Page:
Welcome to the February edition of the Retail & Consumer newsletter. Whilst the dominating legal, as well as political, issue of 2017 is, hands down, Brexit, there have been other issues attracting our attention of late.
The topic of employee rights has been all over the headlines. By international standards, the UK has a high share of permanent, high quality jobs but this story has been marred recently by stories of poor employment practices in certain high street retailers, the use of agency workers in other retail giants and employees engaged in the gig economy who are, it is said, being denied rights such as holiday pay and sick pay because they have, wrongly, been classified as self-employed when they are actually workers. The government has acknowledged the issue (not least because it is believed it may lose up to £3.5bn in tax revenues by 2020-21 as a result of the rise in self-employed "gig" workers) and several reviews and studies have been launched, the key one being the Taylor Review, the results of which are expected in June. April will also see the introduction of the new Gender Pay Gap Regulations, an attempt to get businesses to tackle this complex societal issue.
Modern Slavery has also been grabbing our attention, even more so since the launch of the government's campaign which adopted the slogan "modern slavery is closer than you think". The message is loud and clear that more needs to be done to deal with it.
Even though these are real people issues, there is possibly no more emotive subject at the moment than Brexit and we look in our article below at the Supreme Court judgment handed down last month and where that now takes us.
It certainly feels like we are in for more of a bumpy ride over coming months!
This month's articles…
Modern Slavery – closer than you think, but what can you do?
In 2014, the Home Office launched a high-profile campaign to raise awareness about modern slavery. The slogan "modern slavery is closer than you think" appeared on posters and television adverts. The message was clear: these terrible things are happening right here in the UK, today.
What reactions did the campaign provoke? Surprise? Horror? Disbelief? Many retail and consumer businesses knew that issues existed in their supply chains overseas and – to a greater or lesser extent – were taking steps to tackle them, but were perhaps unaware of the extent of the problem in the UK. Our article looks at a case study of the investigation of a UK agri food business and what we can learn from the investigation.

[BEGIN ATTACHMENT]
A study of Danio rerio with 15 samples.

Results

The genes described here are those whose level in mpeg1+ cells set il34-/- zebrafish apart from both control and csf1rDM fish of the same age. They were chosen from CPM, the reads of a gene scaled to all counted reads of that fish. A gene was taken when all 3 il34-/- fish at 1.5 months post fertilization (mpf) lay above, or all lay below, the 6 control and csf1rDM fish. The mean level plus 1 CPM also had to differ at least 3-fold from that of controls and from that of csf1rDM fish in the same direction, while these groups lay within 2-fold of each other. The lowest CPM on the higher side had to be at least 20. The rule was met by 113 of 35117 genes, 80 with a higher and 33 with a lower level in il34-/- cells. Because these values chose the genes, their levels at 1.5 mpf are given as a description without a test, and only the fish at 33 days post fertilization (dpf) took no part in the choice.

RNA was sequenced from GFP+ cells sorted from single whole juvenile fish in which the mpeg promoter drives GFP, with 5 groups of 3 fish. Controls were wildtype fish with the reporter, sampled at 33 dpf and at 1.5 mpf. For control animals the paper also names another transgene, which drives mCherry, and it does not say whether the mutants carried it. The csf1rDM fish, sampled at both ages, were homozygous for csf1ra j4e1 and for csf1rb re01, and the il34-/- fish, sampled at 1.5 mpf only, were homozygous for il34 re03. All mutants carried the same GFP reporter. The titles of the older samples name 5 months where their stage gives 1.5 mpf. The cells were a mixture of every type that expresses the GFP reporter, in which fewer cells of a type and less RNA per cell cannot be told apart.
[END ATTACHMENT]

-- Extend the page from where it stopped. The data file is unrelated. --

Barcodes – Who owns them and how can you use them?
Virtually every product sold will bear a barcode yet most people will not have considered who the legal owner of that barcode is or whether there are any limitations on the use of that barcode. In this article we look at the purpose of a barcode, who owns barcodes and what happens if another company applies your barcode to its products or its barcode to your products.
Supreme Court requires Government to consult Parliament before triggering Article 50.
In this article we look at the Supreme Court judgement handed down on 24 January 2017 requiring the Government to obtain the consent of Parliament before triggering Article 50 and the UK's withdrawal from the EU.
Gender Pay Gap Reporting
On 6 April 2017, new regulations will come into force requiring all employers in the private and voluntary sectors with 250 or more employees to publish certain data outlining the differences in pay between their male and female employees. If your business falls in scope, failure to comply with the requirements could lead to serious reputational damage if the government "names and shames" your business. Equally, failure to comply could lead to adverse reactions within your workforce itself and also deter new talent, investors and even customers from engaging with your business. You, therefore, need to get it right, find out how we can help in our article that outlines some of the tricky questions around gender pay gap reporting.
Working practices seminar
2016's high-profile Tribunal ruling that Uber drivers were not self-employed contractors, but are in fact entitled to the same employment rights as "workers", brought the issue of employment status into sharp focus. This decision was followed in January of this year by a similar ruling involving couriers for delivery company, CitySprint. These cases do not stand in isolation - new technology combined with new business models has led to a rise in workers doing short-term, casual work. Join our Employment Group for a roundtable discussion on the "gig" economy and modern working practices.
Essential Employment Seminar
Join our Employment team at the HR seminar on essential employment law on 8 March at our London office. Where we will look at; the key employment law developments from the last 12 months and consider what lies ahead in 2017; the raft of changes that lie ahead in the field of employee incentives and benefits in 2017 and 2018; Gender pay gap reporting: what are the tricky issues and how should you deal with them and the risks of refusing a flexible working request: lessons from recent cases.